Omega-3 fatty acids have gained recent attention due to the increased interest in wellness and disease prevention. They are thought to play a role in reducing inflammation, having affects on the body’s immune response and potential impact on cell functions throughout the body. Some of the disease conditions that omega-3 fatty acids are thought to benefit include cancer, kidney and heart disease, skin diseases, allergic conditions and arthritis. Omega-3 fatty acids are also thought to play an important role in normal processes such as the development of the eyes and neurologic system.
Definition of omega-3 fatty acids
Omega-3 fatty acids (e.g. alpha-linolenic acid) are a type of polyunsaturated fat in which the first double bond is located on the third carbon molecule. This is in contrast to omega-6 fatty acids (e.g. linoleic acid), in which the first double bond is at the sixth carbon. This difference conveys a different structure and different characteristics to the fatty acid. In animals, there are two important omega-3 fatty acids, docosahexaenoic acid (DHA) and eicosapentaenoic acid (EPA). These are long chained fatty acids that cannot be metabolized by animals and must be supplied in the diet.
Dietary sources of omega-3 fatty acids
There are two ways these omega-3 fatty acids can be obtained in the diet. The first dietary source of DHA and EPA is directly from coldwater fish such as salmon, herring, and mackerel. The second dietary source of DHA and EPA is from alpha-linolenic acid (ALA) found in some vegetable oils. ALA can be metabolized to DHA and EPA, but the body is not very efficient at doing so. For that reason, recommendations are made to supplement the diet with preformed DHA and EPA from fish oils.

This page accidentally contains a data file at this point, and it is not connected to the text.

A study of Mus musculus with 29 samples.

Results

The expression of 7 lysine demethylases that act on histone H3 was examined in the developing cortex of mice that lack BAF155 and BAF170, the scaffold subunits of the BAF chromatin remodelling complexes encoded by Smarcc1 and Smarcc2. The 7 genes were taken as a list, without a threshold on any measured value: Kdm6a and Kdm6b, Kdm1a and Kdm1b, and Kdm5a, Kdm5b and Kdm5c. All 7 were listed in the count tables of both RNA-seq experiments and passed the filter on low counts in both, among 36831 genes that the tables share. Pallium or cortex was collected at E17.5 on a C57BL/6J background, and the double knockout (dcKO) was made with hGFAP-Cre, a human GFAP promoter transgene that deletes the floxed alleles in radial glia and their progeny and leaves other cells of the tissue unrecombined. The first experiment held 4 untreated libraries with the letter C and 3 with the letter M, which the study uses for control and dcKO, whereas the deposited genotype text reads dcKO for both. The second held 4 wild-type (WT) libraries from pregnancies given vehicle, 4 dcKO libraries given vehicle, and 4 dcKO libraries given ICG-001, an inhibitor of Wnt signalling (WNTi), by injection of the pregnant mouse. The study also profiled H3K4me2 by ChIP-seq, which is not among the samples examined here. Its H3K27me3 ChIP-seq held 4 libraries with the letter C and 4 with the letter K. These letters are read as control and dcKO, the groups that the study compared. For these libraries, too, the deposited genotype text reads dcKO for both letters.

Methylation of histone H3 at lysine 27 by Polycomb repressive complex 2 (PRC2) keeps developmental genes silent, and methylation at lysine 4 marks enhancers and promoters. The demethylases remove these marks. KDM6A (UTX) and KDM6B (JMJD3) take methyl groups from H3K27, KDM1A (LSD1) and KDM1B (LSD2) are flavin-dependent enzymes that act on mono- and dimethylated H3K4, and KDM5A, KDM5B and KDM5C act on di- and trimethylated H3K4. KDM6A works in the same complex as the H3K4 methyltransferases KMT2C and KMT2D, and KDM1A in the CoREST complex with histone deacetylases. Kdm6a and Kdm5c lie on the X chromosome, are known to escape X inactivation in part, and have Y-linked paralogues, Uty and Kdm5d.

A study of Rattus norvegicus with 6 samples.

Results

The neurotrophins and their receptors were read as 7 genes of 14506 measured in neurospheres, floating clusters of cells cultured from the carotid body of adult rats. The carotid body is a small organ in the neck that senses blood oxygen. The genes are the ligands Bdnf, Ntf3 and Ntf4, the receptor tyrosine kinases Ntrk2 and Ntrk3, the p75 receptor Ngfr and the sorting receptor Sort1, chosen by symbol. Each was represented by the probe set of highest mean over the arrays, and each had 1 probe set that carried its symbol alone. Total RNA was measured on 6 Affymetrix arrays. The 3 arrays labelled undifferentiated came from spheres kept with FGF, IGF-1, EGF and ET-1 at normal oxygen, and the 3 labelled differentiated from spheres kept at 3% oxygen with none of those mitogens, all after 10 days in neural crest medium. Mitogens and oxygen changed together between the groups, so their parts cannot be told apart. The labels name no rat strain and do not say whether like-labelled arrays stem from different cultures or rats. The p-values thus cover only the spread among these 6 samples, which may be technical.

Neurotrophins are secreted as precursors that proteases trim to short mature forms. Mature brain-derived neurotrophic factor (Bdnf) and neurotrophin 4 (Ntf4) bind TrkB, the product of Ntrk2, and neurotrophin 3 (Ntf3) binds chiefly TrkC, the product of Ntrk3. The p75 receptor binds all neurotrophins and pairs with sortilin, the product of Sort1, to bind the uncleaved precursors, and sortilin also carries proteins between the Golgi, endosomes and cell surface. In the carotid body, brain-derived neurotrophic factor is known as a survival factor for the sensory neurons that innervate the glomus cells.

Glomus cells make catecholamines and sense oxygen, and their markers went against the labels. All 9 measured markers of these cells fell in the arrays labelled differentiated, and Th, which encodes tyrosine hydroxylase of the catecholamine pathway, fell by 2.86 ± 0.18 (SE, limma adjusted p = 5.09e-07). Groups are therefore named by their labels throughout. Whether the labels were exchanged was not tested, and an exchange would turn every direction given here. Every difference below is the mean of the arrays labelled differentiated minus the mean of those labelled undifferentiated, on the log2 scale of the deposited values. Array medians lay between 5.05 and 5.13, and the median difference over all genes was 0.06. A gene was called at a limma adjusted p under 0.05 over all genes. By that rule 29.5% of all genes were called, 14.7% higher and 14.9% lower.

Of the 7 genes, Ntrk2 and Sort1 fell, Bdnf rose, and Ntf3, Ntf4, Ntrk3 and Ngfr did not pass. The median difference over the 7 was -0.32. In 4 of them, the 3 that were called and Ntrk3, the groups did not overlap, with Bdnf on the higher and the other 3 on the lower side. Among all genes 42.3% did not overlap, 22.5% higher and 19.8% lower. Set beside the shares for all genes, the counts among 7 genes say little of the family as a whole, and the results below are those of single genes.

The role of omega-3 fatty acids in animals.
EPA and DHA are important omega-3 fatty acids for both the structure and function of cell membranes throughout the body. From a structural point of view, EPA and DHA help control the stability and fluid nature of the cell membrane. From a functional standpoint, they play a role in the activity of many membrane-associated enzymes. DHA is very important for development of the brain and retina and both sites contain the highest levels of DHA in the body.
The benefit of having a higher concentration of omega-3 fatty acids in the membrane is that breakdown products of omega-3 fatty acids are, in general, less potent inflammatory mediators that those derived from omega-6 fatty acids. For example, use of omega-3 fatty acid supplements in cats that are itching can show benefits with cats itching less within 1-2 weeks; however, it may take 6-12 weeks before a favorable response is seen. This response is thought to be due to decreased production of inflammatory mediators that cause itching to occur.